By Rick Cobb, CEO, TerraGo Technologies (www.terragotech.com), Atlanta.
When a 9.0 magnitude earthquake struck northeastern Japan onMarch 11, 2011, it was the worst in the country’s history and the fourth most powerful ever recorded. The earthquake was so strong that it moved Honshu about eight feet east and shifted the Earth on its axis by estimates up to 10 inches. The ensuing tsunami unleashed waves up to 128 feet high and reached six miles inland.
Together, the killer quake and tsunami took the lives of more than 15,000 people, left nearly 8,000 missing, displaced 450,000 more and damaged in excess of $300 billion worth of property. Adding to the unprecedented scope of these natural disasters was the compromise of the multireactorFukushimanuclear plant complex, which released radiation necessitating evacuation of the surrounding area.
When the immediate challenges of search and rescue were accomplished, attention shifted to recovery and damage assessment efforts. Federal, prefectural and local governments needed a way to rapidly disseminate, update and share information to determine which buildings and homes were damaged and to what degree so property owners could receive government-issued disaster victim certificates. Once the certificates were issued, compensation could be made to property owners and reconstruction could begin. Complicating matters was the
inability to physically enter the nuclear evacuation zone to conduct on-the-ground inspection of property damage.
Assessing the Damage
Because the earthquake so radically altered and submerged the coastline, geospatially
referenced maps and imagery were the obvious choice by which to visualize and exchange information. In addition, because no one could enter or fly over the evacuation zone near the Fukushima nuclear plant due to radiation exposure issues, satellite imagery was the only way to safely assess damage.
Hitachi Solutions proposed that by using pre- and post-March 11 maps and satellite imagery, combined with property boundary information, damage assessment could be accomplished much more quickly and, as a result, clerical work of issuing disaster damage certificates could be simplified. The maps would need to cover the more than 600 square miles affected by the disaster in the Iwate, Miyagi and Fukushima prefectures.
Because of the disaster’s urgency, the maps needed to be produced rapidly and be easily distributed and updated. Hitachi turned to TerraGo Technologies for its geospatial collaboration software and GeoPDF solutions to produce the map atlas. Hitachi Solutions is the TerraGo distributor in Japan and East Asia and a joint development partner.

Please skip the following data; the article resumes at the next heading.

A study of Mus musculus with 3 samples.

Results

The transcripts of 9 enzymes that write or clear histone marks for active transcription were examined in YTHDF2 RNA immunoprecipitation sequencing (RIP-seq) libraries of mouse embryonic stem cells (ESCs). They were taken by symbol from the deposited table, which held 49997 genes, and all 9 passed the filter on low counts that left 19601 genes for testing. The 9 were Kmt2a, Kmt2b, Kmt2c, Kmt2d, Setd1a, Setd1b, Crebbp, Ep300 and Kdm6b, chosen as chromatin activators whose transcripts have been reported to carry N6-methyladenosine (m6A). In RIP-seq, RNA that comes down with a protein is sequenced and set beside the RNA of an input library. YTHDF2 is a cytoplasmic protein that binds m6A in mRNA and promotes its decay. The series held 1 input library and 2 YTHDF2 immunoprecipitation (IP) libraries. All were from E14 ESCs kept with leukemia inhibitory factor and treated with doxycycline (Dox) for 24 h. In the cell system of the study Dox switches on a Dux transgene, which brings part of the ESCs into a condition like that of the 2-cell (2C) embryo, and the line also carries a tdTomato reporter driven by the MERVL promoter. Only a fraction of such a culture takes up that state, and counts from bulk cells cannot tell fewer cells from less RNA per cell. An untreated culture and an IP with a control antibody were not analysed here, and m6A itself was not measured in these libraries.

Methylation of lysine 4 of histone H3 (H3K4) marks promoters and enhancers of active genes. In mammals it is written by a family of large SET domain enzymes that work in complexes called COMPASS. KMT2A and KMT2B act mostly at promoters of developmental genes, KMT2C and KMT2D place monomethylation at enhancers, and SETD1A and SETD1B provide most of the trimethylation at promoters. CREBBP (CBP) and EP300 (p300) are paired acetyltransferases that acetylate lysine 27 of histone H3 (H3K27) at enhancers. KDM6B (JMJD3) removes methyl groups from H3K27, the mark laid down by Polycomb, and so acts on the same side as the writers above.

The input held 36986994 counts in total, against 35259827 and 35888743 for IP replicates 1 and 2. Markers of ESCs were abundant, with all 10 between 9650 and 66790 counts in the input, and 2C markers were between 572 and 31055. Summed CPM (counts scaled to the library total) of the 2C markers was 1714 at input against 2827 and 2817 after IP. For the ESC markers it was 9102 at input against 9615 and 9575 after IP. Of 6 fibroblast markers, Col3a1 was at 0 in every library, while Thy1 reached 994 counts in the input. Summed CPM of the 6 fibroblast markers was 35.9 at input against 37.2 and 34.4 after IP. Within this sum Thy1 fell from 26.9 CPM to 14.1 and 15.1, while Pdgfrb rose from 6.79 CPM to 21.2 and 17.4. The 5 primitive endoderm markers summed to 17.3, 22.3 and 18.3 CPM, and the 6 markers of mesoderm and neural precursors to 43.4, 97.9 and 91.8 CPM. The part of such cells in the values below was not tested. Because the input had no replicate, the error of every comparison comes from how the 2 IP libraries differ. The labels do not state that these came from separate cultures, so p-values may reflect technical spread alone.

Using TerraGo Publisher and Composer, Hitachi created more than 38,000 TerraGo GeoPDF maps and combined them into 42 MapBooks. The GeoPDF atlas maps have three layers: residential cadaster maps from before the earthquake, post-disaster synthetic aperture radar (SAR) flood estimate data and satellite imagery. The GeoPDF atlas incorporates residential map data from Zmap-TOWN II by Zenrin, flood estimate data by Pasco and satellite images by DigitalGlobe.
The map atlas was produced in just two days after deciding the specification. Hitachi then officially donated it to the Japanese Cabinet office, which in turn distributed discrete maps from the atlas on DVDs and USBs to the respective prefectural and local governments.
GeoPDF maps, which can compress geospatial data by more than 20:1, are easy to distribute to the field where users can readily view, update and share information. Users were able to confirm the condition of affected areas by comparing the different map layers and use geographical coordinates when adding information and images to each location. Certification of property damage, which previously had
required confirmation on site, could now be carried out much more quickly by comparing residential maps containing homeowners’ names and post-disaster satellite images.
Hitachi also provided Nikon-TrimbleGPSPathfinder SB handheld devices with TerraGo Mobile software to write data on the GeoPDF maps, permitting on-site uploading of current georegistered data and images to the GeoPDF map atlas. GeoPDF maps can support the inclusion of georegistered audio, video, notes, Web services and other intelligence. In addition, the company supplied its StarBoard interactive whiteboards, which can be placed in disaster response headquarters and other command and control centers to more efficiently visualize spatial information and coordinate support efforts.
Faster Response Times
Even in situations where on-site visual inspection was necessary, the use of the Global Positioning System (GPS) and geographical coordinates in the atlas greatly expedited the inspection process. The GeoPDF maps and satellite images also enabled area-by-area damage assessment for use in planning reconstruction schedules. Furthermore, progress could be monitored by uploading the status of documented recovery efforts on the GeoPDF map atlas.
By the end of May 2011, approximately 150,000 of the 180,000 applications for disaster victim certificates had been processed, with GeoPDF maps playing a critical role. In the Fukushima nuclear evacuation zone, where on-the-ground inspections weren’t possible, 183 property owners received Risai Shomeisho disaster victim certificates on the basis of the GeoPDF satellite imagery maps.